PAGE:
Janet Mullany was raised in England by half of an amateur string quartet and now lives near Washington, DC. Persecuted from an early age for reading too long in the bathroom, she still loves books and is an avid and eclectic reader. She has worked as an archaeologist, classical music radio announcer, arts administrator, and for a small press. Her latest publications are Jane and the Damned
and a short story included in the collection Bespelling Jane Austen . She's kindly accepted to answer some questions and to talk Jane Austen with me! Enjoy our intersting chat and get ready to enter a great double giveaway open internationally!
When was your first encounter with Jane Austen?
I quite successfully managed to avoid Austen until I lived in Bath for a time after I’d graduated from college. I discovered the city and Persuasion and Northanger Abbey simultaneously. There was something quite thrilling about being able to walk where Austen and her characters did.
What do you think are the most successful points in her work ?
Her voice, her ironic commentary, and her understanding of human behavior. Or, as Virginia Woolf famously said, (I love this quote): Here was a woman about the year 1800 writing without hate, without bitterness, without fear, without protest, without preaching.
Since I am a teacher I often like asking about teaching JA. Do you think it is important that JA’s works are read and taught in schools and universities?
Absolutely! She’s one of the major figures of western literature and her work changed the shape of fiction. Even if you come to her after your formal education has ended, you’ll find that your perception of her work changes as you change and grow.
Now , as for your own fiction, how did it come that you started writing?
Years of reading and time on my hands! I’d written a lot of promotional copy for various day jobs so I thought I’d like to try writing fiction. I was really interested in writing the sorts of books that I wanted to read. A lot of this is about my own entertainment. I was a bit surprised to end up a romance novelist.
In Jane and the Damned you follow a very successful, new trend: mashing up Jane Austen and supernatural beings like vampires (we also have ghosts and monsters in other books). Tell us something about your novel.
It’s not a monster mash in the sense that it’s one of Austen’s books with paranormal material added. It’s a vampire novel starring Jane Austen with a little alternate history and romance thrown in. In my version of 1797 England, vampires (the Damned) live openly in fashionable society. Jane is created a vampire at a provincial assembly, and her family takes her to Bath to take the waters, the only known cure. While they’re there, the French invade, and Jane delays her cure to fight them. But eventually she has to choose between love and immortality or writing and her beloved sister Cassandra.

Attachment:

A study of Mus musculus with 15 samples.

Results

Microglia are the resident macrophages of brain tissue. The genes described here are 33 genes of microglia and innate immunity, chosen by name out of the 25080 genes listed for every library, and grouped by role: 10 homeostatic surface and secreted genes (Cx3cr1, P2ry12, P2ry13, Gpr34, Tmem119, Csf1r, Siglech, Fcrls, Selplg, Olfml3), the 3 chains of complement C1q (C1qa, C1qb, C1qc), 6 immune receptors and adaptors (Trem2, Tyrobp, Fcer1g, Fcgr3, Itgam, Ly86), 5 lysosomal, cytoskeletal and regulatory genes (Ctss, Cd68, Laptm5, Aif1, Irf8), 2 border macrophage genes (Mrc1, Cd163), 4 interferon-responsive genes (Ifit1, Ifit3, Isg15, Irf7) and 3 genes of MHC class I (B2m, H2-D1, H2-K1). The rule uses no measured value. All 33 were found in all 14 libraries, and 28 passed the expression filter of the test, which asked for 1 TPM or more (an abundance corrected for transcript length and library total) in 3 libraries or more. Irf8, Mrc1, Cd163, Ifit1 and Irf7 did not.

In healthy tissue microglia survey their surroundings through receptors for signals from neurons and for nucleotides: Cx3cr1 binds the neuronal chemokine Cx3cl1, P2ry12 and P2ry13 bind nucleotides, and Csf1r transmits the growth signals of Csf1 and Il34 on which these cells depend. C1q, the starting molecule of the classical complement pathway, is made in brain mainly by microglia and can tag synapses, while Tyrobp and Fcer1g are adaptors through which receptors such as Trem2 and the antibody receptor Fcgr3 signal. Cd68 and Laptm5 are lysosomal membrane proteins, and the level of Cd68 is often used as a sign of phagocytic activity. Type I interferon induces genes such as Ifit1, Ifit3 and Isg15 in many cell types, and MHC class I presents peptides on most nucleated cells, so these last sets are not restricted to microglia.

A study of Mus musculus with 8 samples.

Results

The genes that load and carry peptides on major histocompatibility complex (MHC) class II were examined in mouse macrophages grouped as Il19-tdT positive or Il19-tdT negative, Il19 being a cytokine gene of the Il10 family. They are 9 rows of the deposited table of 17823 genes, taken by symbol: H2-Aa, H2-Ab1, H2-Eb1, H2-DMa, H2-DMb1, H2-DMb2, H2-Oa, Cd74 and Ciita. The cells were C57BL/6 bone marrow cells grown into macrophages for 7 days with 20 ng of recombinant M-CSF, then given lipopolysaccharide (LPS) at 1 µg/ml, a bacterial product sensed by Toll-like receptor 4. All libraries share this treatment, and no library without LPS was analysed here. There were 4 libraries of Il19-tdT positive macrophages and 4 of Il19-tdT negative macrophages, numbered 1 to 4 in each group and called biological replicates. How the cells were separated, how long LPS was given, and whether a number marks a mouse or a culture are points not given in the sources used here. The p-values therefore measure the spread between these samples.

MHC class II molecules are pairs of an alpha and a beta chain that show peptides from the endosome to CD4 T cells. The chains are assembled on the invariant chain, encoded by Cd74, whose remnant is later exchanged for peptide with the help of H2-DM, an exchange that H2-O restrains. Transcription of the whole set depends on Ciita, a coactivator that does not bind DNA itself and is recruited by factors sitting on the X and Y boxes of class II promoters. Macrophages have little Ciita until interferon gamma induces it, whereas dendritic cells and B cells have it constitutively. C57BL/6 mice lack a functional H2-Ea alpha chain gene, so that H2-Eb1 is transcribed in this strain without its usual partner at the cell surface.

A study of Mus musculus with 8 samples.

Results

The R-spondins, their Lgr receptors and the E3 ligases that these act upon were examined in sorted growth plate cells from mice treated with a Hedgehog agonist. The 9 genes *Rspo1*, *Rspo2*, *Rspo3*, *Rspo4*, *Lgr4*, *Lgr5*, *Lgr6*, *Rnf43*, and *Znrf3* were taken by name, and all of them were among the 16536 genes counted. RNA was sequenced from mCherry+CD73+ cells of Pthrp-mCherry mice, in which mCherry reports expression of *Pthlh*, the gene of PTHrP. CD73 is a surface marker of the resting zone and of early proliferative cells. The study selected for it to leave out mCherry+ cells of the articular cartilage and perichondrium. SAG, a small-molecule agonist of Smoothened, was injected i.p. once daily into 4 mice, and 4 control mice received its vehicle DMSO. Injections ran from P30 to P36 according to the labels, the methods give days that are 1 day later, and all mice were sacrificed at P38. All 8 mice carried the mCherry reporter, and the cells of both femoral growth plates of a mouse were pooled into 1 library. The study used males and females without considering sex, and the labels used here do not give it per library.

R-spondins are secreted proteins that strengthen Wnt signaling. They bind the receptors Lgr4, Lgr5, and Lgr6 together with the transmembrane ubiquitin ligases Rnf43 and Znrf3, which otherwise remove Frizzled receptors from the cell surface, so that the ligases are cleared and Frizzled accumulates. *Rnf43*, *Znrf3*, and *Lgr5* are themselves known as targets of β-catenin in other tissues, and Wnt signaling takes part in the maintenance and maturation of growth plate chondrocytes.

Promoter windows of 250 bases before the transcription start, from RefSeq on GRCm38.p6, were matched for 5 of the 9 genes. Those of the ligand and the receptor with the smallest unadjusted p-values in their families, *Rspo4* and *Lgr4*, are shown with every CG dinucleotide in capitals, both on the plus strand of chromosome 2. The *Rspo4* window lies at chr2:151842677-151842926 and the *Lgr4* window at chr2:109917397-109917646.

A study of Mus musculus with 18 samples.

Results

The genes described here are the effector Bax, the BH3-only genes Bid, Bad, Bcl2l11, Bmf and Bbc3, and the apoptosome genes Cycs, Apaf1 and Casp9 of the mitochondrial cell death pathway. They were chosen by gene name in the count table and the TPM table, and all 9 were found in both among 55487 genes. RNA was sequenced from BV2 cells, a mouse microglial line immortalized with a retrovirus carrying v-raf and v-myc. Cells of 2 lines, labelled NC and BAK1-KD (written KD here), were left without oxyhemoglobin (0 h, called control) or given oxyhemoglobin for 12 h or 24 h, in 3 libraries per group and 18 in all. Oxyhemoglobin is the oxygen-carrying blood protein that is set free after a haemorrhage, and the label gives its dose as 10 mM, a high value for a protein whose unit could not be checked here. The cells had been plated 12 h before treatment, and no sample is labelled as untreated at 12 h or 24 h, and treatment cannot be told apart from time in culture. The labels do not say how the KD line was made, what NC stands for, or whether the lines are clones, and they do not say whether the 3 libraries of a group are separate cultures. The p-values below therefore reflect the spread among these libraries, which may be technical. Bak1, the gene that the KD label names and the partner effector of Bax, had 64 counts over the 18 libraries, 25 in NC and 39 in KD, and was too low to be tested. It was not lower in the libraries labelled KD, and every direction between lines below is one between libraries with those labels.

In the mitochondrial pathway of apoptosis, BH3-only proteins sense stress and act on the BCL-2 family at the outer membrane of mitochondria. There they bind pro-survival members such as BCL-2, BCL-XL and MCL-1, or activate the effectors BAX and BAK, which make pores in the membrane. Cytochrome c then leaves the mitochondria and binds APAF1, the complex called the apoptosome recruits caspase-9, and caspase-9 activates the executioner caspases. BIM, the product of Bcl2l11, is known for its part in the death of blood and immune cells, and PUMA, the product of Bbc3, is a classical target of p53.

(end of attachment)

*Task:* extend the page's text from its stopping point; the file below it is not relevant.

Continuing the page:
6.What do you think JA’s reaction to all these mashes-up would be if she were alive?
I think she’d be amused. She was a woman with a sense of humor.
You’ve also got another recent Austenesque release , a short story in the collection Bespelling Jane Austen.
Bespelling Jane Austen is an anthology where we (Mary Balogh, Susan Krinard, Colleen Gleason and myself) interpreted Austen’s novels with paranormal elements. I chose Emma, my favorite Austen, set in contemporary Washington DC, where Emma is a witch who runs a dating agency for the paranormal population of the city. It was a lot of fun to write!
Which of JA’s novels would you like to rewrite and in a mash-up with …?
I don’t know whether it would be a mash-up, but I would like to write something on Mansfield Park, which is such a fascinating book, an experiment that didn’t quite work.
Who are your favourite Austen hero and heroine?
I love Henry Tilney—such a flirty guy!— but I’ve never really thought of a favorite heroine, although I do like the wicked, witty Mary Crawford.
Which are the most and the least successful couples among the matches Jane made in her stories? I mean which couple will actually live happily ever after and which one instead will face troubles of any kind?
Is this a trick question? Because the only long-term married couple Austen portrays favorably is Captain and Mrs. Croft from Persuasion! So I think Ann and Wentworth are probably the best bet. You have to wonder whether Catherine and Henry Tilney are destined to become Mr. and Mrs. Bennet.
Do you like the several JA screen adaptations? Have you got a favourite one?
I love the 1995 Persuasion with Amanda Root and Ciaran Hinds. Everything in it feels and looks exactly right, even though the soundtrack includes Bach and Fritz Kreisler and there’s a moment near the end where it almost turns into a Fellini film! I think one interesting thing that’s happened, particularly as a result of the A&E Pride and Prejudice, is that there’s a whole new group of Austen fans who haven’t actually read the books.
Are you working on a new project at the moment?
I’m working on the second book about Jane Austen as a vampire (no title yet) and I have a short story in the anthology Jane Austen Made Me Do It (Random House, October, 2011).
Well, thanks a lot for being my guest, Janet. It's been very interesting to discuss some Jane Austen- related issues as well as your works with you.
Thanks so much for having me as a guest today, Maria Grazia!
You can find Janet Mullany on Twitter too
GIVEAWAY TIME!!! Janet Mullany is kindly offering a copy of JANE AND THE DAMNED and one copy of BESPELLING JANE AUSTEN to commenters from all over the world. Leave an e-mail address where I can contact you in case you win. The name of the winners will be announced next Wednesday 17th November. GOOD LUCK!